The UK is planning to leave the EU in March 2019 and one of the many questions that businesses are asking is what impact will this have on them obtaining and maintaining their patent protection.
By way of a bit of background - Patents are jurisdictional in nature, meaning that both the filing of patent applications and the ability of courts to hear cases regarding suspected patent infringements are geographical or territorial in nature.
That is to say that while a UK granted patent restricts third parties from making or selling in the UK, the patent would have no legal basis and carry no legal recourse outside of the UK.
At present, companies and individuals that wish to sell or license their invention abroad can apply for a European patent using the European Patent Office, and a successful application will protect their patent in more than 30 countries across Europe.
Alternatively, they can apply for international patent protection under the Patent Cooperation Treaty (PCT) - a unified procedure for filing patent applications applicable in over 150 contracting states.
In light of the UK’s pending withdrawal from the European Union, one of many legal challenges this raises for innovative businesses is the impact that this will have on obtaining patent protection and indeed what the scope and extent of that protection will be after March 2019.
I have summarised below the anticipated effect of Brexit on each one of the routes described above, ie UK granted patents, European granted patents and PCT granted patents.
UK patent applications
UK patent applications are handled by the UK Intellectual Property Office (IPO). The UK Patents Act 1977 provides the legal framework for UK patent applications.
There is no reason to anticipate any changes to UK IP law or practice in relation to UK patent applications as a result of the UK leaving the EU. The IPO will continue to handle patent applications in the UK regardless of its membership to the EU.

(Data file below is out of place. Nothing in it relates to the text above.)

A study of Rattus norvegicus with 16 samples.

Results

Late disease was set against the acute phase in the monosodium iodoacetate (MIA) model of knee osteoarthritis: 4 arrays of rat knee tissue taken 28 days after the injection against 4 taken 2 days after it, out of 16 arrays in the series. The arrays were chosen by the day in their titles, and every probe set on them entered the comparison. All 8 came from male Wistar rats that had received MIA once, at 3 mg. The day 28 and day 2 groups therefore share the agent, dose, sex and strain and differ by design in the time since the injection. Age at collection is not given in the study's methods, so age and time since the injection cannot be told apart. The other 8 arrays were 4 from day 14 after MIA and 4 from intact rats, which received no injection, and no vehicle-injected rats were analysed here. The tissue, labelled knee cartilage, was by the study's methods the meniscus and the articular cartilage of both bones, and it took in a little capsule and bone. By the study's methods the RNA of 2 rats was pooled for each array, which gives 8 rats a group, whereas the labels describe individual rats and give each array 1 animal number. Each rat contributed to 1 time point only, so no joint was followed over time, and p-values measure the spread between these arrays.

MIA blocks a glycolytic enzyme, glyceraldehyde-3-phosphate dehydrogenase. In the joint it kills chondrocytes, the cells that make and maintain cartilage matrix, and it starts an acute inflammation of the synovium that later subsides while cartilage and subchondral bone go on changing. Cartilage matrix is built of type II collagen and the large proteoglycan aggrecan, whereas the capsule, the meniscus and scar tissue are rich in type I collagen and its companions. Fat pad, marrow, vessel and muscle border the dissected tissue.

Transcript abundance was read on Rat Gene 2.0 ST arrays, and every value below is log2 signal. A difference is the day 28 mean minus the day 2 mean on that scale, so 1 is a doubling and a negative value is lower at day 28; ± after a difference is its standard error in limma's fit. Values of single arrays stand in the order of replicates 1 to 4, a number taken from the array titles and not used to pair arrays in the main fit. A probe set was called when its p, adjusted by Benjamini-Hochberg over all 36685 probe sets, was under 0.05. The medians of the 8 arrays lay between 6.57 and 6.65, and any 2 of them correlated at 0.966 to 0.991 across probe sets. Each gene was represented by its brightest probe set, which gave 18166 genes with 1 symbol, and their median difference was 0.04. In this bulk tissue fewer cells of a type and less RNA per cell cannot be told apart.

European patent applications
The European Patent Convention (EPC) provides the legal framework for European patent applications which are handled by the European Patent Office (EPO).
The EPC is in fact an international treaty rather than a European one, and The European Patent Office is not an EU institution.
As such both the EPC and the EPO are independent of the EU.
The UK, along with the 27 other EU countries and another 10 non-EU countries, are signatories to the European Patent Convention and so membership is obviously not dependent on being part of the EU.
In view of this, no changes are expected to be made to the European Patent Convention, European Patent Office practice, or the UK’s membership to the EPC.
International Patent Cooperation Treaty (PCT) applications
The Patent Cooperation Treaty provides the legal framework for international patent applications.
It is an international treaty and as such the UK’s membership of the EU has no bearing on the PCT.
The UK is and will almost certainly remain a signatory of the PCT which is administered by the World Intellectual Property Office (WIPO). There is no reason to suggest that any changes will be made to the treaty, the UK’s membership of it or WIPO practice as a result of Brexit.
So the good news is that the UK’s withdrawal from the EU is not currently anticipated to have any effect on the current patent system either here in the UK or abroad via the EPC or PCT.
It looks therefore as though it will continue to be business as usual with regards to obtaining patent protection within the UK, Europe or via the PCT.
Kate Butler is the Patents Expert supporting innovate2succeed; A European Union and Innovate UK funded programme designed to provide hands-on support to innovative businesses.